Thoughts of a Young Bookseller

Friday Jul 24 2009
by Michael

Now that I am spending more and more time in the shop and getting a better sense of the genre, I find myself more able to express opinions on the qualities and abilities of our more popular writers.    Even armed with this new level of knowledge, I still find myself feeling quite silly when a great 'new' writer for me proves to be someone whom seemingly everyone else has been reading for decades.  

With that in mind, I thought that I would write about two authors, one who is actually new to the shop, and one which is only new to me, and may either be new to you, or so old that you may have forgotten about them.  

Chris Ewan has recently released his first novel, entitled The Good Thief's Guide to Amsterdam.  Harkening back to and, in fact, acknowledging Lawrence Block's 'Burglar who' series Ewan has created a delightful character in Charlie Howard.  Charlie Howard is the writer of a series of suspense thrillers starring a burglar named Faulks, who is based in no small part on Howard, a burglar himself.  Set, obviously enough, in Amsterdam, it harkens back to what made the early novels featuring Block's Bernie Rhodenbarr so enjoyable: well-paced, self-effacing, and funny without being silly.  This is definitely a book for those of us who prefer capers to hard crime, and charming criminals to grim detectives.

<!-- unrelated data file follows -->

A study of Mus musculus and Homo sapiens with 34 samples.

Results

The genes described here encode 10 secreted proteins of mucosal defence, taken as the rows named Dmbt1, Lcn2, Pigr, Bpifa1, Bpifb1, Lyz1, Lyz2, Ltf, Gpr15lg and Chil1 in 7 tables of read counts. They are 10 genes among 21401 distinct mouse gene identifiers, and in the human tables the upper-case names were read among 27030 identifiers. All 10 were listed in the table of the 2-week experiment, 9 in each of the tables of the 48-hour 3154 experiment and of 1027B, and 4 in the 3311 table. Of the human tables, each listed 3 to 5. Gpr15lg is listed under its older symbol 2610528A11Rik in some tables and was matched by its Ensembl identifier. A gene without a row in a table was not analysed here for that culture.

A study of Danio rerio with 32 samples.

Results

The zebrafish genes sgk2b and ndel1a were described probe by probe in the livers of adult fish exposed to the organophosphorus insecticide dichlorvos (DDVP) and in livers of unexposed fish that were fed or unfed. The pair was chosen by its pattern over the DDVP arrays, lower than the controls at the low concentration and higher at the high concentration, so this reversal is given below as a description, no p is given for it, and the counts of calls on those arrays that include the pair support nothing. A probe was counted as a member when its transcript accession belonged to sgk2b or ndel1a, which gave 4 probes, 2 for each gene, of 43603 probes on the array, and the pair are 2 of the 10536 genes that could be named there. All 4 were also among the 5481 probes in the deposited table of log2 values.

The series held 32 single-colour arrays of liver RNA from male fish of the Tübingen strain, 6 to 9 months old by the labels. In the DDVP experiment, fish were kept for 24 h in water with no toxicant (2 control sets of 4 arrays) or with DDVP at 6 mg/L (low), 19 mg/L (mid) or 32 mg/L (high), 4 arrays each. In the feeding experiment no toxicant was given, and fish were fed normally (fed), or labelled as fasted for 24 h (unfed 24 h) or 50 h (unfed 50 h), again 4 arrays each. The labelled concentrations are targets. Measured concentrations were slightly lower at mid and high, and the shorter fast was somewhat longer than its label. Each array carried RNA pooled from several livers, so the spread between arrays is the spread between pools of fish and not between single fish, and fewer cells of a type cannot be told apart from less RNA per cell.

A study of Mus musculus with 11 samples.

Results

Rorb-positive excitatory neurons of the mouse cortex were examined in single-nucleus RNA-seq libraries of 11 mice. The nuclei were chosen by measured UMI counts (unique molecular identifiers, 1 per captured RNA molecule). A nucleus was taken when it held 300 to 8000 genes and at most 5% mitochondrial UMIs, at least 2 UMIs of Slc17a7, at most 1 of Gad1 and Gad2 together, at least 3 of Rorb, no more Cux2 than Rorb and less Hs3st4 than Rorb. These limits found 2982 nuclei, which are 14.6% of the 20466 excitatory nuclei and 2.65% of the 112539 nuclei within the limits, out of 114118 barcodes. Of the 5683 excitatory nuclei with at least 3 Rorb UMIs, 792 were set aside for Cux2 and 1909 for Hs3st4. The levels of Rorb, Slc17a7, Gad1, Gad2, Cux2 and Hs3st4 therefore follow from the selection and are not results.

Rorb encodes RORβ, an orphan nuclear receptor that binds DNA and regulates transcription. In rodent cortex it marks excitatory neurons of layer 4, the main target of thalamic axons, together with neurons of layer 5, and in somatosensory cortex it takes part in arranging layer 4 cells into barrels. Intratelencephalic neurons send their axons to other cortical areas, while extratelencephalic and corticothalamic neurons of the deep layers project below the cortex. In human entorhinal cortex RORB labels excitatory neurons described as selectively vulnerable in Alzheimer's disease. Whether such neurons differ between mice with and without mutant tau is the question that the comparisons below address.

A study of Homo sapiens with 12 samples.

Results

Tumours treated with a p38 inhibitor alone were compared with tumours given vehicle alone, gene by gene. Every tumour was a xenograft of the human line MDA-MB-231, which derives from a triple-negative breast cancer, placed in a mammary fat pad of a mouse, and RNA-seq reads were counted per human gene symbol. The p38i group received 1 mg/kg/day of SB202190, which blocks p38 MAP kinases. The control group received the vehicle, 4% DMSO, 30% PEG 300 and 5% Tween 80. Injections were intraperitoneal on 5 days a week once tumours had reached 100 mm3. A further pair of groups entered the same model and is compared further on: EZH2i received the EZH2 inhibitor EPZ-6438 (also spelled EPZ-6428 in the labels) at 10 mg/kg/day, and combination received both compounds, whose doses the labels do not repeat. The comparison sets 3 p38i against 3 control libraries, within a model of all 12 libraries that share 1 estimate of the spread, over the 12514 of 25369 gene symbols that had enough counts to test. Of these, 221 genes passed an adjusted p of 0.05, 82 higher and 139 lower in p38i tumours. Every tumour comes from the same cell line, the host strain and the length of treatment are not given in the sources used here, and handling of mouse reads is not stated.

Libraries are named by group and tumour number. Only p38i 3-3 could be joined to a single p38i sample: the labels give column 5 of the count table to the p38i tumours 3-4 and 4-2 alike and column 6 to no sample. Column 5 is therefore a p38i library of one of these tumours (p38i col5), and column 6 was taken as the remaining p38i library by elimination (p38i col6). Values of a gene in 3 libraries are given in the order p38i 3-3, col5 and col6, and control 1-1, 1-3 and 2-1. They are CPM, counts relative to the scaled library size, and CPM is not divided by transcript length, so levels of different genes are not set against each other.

Originally, I intended to speak more to Block, who, as a Grandmaster of the Mystery Writer's Guild, has no end of series which I could discuss and have enjoyed.  However, after on a whim picking up the first in a very different series, and staying up all night to read it, I thought I would write about it instead.

Jonathon Gash, like Lawrence Block is no stranger to the majority of you.  But when I picked up The Judas Pair, the first in the Lovejoy series, I was enthralled, not so much by the mystery, but by the character and the setting.  Lovejoy, London antique dealer extraordinaire, made famous by Ian McShane's portrayal of him in the BBC series, is such a likeable character, and experiences such a dramatic personal journey throughout the novel that the story, if not the mystery will keep you turning the pages.  What's more, the details offered in the description and nature of the antiques featured in the book are so wonderful on their own, that you get the sense that if Gash wrote Sotheby's catalogues, it would make the bestseller lists.  

I make a point of reading series in order, so I have only started the second Lovejoy book, Gold from Gemini, as this goes to print, but I am already enjoying it immensely.

Like Sian, I now have a mystery e-mail:  Feel free to drop me a message, I look forward to hearing from you.